Today in United States we celebrate Thanksgiving Day. A good time to reflect about the blessings we receive every day and the important things we have in our life (friends and family) that sometimes we take for granted.
But this is a blog dedicated to Genealogy, therefore let’s be thankful for the easy-life we have these days as genealogists.
I do a lot of genealogic research in Galicia, so I will pick my example from there. Let’s say that during our research we find a document that refers to a place name in Pontevedra, with that information we go the Xunta web page and can find the list of all the towns in Galicia (nomenclátor). With that information we can go to Google Maps and find out a satellite picture of the village and we obtain an initial geographic context. We share the information we have about the researched lineage on the forum xenealoxia.org (Galician Genealogy discussions) and another researcher point us a connection with a lineage in the Basque region.
With that information we research the online information on the Mormon website (familysearch.com) and online catalogue of the Alava Provincial archive. That is how we identify the documents we need and we post a message on the GenealHispana (Hispanic Genealogy mailing list) asking for the name and contact information for a professional genealogist in the region. That genealogist will search at the local archive for the documents we requested. He scans the document and e-mails back an electronic copy.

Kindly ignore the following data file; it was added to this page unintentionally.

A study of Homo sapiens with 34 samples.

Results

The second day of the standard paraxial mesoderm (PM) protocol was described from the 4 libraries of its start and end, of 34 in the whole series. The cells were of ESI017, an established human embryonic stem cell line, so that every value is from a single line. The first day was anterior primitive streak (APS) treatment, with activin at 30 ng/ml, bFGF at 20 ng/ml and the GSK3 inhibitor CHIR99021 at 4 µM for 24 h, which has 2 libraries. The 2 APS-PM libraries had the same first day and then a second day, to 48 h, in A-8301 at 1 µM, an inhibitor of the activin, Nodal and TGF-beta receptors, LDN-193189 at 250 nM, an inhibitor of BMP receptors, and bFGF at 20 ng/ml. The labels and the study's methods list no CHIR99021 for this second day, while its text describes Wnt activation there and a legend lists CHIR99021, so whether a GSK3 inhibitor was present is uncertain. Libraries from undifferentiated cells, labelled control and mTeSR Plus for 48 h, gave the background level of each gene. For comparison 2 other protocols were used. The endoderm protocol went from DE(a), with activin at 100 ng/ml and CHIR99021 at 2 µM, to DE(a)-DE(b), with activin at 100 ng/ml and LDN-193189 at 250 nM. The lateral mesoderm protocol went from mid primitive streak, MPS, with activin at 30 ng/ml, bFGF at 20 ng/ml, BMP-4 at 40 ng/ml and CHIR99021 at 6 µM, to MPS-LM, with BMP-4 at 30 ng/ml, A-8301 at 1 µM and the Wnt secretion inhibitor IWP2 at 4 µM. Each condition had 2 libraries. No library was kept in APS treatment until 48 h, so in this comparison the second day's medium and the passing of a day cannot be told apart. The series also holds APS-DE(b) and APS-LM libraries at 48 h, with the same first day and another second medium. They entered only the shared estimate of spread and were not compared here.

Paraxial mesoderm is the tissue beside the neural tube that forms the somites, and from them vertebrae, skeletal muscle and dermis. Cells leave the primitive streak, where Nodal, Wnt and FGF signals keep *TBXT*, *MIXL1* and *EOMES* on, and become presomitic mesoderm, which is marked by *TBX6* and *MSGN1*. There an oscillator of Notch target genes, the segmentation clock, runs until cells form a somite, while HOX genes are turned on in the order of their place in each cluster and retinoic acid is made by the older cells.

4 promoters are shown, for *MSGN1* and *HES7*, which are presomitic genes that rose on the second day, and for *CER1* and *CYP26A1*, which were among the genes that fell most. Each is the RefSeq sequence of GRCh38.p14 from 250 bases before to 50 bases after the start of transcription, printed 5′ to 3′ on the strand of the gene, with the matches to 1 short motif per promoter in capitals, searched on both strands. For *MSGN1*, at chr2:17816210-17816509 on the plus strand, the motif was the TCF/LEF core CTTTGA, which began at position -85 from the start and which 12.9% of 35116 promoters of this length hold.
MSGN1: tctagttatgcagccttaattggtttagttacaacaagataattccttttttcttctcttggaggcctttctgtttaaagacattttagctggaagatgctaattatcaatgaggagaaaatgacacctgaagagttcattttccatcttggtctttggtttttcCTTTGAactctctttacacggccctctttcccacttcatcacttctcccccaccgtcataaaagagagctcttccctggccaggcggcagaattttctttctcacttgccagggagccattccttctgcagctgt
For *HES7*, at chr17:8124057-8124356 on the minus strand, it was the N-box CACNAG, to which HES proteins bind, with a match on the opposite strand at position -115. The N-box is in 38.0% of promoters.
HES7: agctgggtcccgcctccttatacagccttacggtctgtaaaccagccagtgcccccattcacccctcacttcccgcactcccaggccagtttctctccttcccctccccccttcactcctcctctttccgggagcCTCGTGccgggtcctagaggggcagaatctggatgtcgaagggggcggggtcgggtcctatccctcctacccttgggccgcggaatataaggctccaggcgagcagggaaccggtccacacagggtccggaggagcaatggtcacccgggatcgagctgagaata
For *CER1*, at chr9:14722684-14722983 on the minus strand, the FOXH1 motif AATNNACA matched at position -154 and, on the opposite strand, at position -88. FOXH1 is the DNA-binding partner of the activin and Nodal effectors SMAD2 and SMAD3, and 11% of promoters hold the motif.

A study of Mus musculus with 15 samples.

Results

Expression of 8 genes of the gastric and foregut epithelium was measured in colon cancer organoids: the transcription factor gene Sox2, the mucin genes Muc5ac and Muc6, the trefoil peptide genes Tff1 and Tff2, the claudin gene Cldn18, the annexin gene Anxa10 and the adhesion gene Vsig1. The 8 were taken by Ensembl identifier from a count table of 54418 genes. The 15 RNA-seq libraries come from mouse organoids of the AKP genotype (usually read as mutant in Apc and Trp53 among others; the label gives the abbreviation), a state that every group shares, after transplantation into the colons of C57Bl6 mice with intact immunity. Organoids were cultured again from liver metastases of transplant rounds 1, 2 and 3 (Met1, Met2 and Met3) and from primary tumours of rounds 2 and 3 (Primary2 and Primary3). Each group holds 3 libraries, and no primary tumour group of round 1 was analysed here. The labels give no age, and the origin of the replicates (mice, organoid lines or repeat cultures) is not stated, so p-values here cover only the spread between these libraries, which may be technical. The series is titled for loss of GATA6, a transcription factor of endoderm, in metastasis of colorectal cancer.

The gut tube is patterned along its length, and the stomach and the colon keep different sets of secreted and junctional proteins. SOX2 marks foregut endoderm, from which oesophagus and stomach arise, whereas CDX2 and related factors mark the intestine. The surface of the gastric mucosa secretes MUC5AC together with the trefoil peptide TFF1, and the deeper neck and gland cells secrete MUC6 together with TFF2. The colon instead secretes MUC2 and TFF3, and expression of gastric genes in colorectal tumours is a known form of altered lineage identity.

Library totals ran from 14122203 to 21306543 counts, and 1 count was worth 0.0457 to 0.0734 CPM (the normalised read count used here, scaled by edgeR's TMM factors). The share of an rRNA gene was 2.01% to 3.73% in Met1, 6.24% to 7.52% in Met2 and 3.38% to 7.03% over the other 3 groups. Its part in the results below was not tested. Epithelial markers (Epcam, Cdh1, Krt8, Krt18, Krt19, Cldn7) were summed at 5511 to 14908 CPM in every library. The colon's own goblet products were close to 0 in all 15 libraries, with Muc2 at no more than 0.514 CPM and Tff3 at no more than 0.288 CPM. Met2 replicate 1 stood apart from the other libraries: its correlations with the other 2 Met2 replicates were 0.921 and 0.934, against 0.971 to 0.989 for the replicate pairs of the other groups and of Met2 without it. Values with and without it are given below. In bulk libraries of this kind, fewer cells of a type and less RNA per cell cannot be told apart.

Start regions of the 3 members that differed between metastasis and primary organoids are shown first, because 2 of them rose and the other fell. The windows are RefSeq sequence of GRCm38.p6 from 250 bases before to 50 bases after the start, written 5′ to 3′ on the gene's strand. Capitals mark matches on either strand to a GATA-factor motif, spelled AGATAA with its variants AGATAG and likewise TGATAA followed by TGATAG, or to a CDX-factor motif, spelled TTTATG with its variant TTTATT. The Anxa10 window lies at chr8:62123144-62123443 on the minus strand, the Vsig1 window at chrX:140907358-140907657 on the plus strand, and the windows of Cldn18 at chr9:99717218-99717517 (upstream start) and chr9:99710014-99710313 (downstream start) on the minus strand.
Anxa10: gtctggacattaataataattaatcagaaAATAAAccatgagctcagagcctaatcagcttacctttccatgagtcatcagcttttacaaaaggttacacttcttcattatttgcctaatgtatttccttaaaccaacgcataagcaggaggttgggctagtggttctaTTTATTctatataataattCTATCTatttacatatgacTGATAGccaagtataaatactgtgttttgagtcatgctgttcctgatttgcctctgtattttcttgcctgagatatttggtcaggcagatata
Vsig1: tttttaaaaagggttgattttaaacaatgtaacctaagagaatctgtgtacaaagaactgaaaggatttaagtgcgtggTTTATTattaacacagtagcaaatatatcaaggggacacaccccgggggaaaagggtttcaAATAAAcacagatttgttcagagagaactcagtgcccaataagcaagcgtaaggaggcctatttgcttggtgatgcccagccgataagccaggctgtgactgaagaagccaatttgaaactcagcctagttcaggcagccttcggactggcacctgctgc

We enter the information in our genealogy software and the application alerts us about a repeated name. That is how we realize that the new link added to the family tree shares a common ancestor with the person we are researching.
In 48 days hours we have added a new link to a family tree (with two connections) and documented it accordingly. Granted it is just an example for an ideal situation and these days we spend a lot of time on archives dealing with old papers, but it is useful to compare against the amount of work and effort our predecessors genealogists in past centuries (or even 20 years ago) would have to do to obtain similar results. It would take them months or may be years to do the same we just did in 48 hours.
So today I am thankful for the technology we have today that facilitates our genealogic research work. We have to express our respect and recognition for the genealogist that painfully did research in the past.